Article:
Legacy Advisory Id:
PSN-2006-02-003
Product Affected:
All releases of JUNOS software built prior to November 10, 2005
Problem:
RFC1323 describes two techniques for increasing the performance of TCP. Both techniques are using TCP timestamps to estimate round-trip transmission times and for Protection Against Wrapped Sequence Numbers (PAWS). When these features are enabled, certain TCP implementations may be vulnerable to denial of service (DoS) attacks from packets with specially-crafted timestamp values. This vulnerability is described in PSN-2005-06-003.

The code changes made to address this vulnerability fix may generate incorrect timestamp values in ACK packets. This can make it appear as though the virtual clock for a TCP session has moved backward and ultimately breaks TCP's Round Trip Time (RTT) Estimation. This in turn may lead to the TCP session stalling. All TCP-based protocols and services (including the BGP,LDP and MSDP routing protocols) running on an M-series, T-series, or J-series router with JUNOS software built prior to November 10, 2005, are subject to this vulnerability.

This issue is tracked internally as PR/64682 for JUNOS software.
Solution:
All JUNOS software Releases 6.4 and later built on or after November 10, 2005 contain modified code that ensures timestamp values always increase. In addition, two new hidden configuration statements have been introduced to control the use of RFC1323 mechanisms.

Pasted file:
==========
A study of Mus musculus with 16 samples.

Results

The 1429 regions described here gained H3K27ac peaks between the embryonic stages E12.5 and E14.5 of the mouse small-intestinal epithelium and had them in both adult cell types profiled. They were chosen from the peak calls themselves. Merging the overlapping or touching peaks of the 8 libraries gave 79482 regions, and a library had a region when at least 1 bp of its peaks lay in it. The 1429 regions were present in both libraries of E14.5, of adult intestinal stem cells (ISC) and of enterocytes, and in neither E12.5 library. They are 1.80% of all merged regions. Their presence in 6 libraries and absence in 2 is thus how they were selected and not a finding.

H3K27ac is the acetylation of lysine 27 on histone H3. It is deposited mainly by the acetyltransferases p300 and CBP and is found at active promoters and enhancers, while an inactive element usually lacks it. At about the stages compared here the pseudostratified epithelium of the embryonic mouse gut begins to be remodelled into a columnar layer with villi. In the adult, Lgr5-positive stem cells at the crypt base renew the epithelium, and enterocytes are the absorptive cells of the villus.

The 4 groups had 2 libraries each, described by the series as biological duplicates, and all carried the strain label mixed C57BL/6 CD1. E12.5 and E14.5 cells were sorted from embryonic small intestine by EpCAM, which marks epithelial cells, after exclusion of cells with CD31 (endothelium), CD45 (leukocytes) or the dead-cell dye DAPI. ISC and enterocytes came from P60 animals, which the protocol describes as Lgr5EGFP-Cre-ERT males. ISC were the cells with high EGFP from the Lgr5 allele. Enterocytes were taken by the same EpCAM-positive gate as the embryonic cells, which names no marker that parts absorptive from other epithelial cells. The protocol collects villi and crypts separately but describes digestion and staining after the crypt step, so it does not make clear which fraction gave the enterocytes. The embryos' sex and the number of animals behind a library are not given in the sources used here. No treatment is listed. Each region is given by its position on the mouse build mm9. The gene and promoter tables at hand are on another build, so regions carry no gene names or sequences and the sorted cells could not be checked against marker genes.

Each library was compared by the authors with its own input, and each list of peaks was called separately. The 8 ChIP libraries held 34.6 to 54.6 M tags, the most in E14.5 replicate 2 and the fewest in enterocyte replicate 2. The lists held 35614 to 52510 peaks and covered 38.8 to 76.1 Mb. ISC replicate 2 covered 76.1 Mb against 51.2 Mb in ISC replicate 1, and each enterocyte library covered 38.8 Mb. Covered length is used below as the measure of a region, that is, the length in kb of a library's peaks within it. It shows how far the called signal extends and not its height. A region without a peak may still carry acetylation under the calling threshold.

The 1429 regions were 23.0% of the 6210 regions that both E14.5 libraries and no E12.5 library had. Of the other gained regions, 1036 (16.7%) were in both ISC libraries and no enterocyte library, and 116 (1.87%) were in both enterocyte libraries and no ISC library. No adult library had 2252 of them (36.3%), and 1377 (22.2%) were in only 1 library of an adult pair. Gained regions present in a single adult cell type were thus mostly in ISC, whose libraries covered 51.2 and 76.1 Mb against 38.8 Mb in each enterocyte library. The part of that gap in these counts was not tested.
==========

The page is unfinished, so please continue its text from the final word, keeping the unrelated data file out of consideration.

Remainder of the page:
For earlier JUNOS releases, turning off the RFC1323 and PAWS extensions ensures that a peer does not include TCP timestamps in its Acknowlegment packets. Therefore the virtual TCP clock will not run backward and TCP sessions will not stall. In Release 6.4 these statements are located at the [edit system] hierarchy level; in Releases 7.0 and later, they are located at the [edit system internet-options] hierarchy level.
  • The no-tcp-rfc1323-paws statement disables RFC1323 PAWS TCP extensions. By default, the PAWS extension is enabled.
  • The no-tcp-rfc1323 statement disables RFC1323 TCP extensions. By default, RFC1323 is enabled. If this option is configured, the no-tcp-rfc1323-paws option must also be configured.
These configuration options are hidden and will not automatically complete; they must be entered in their entirety when adding them to the router's configuration.
Implementation:
All JUNOS software Releases 6.4 and later built on or after November 10, 2005 include the modified code. Juniper Networks strongly recommends that customers install a version of JUNOS software that includes the changes to the TCP protocol. Customers who are unable to upgrade are encouraged to use the suggested workaround of disabling RFC1323 extensions.

Please note that turning off RFC1323 extensions may affect the performance of the Border Gateway Protocol (BGP). BGP may take as much as two to five times longer to exchange routing tables with neighboring routers.
Severity Level:
High
Severity Assessment:
If the TCP transport for routing/signaling protocols (e.g. BGP/LDP) is broken then Routing instability will occur.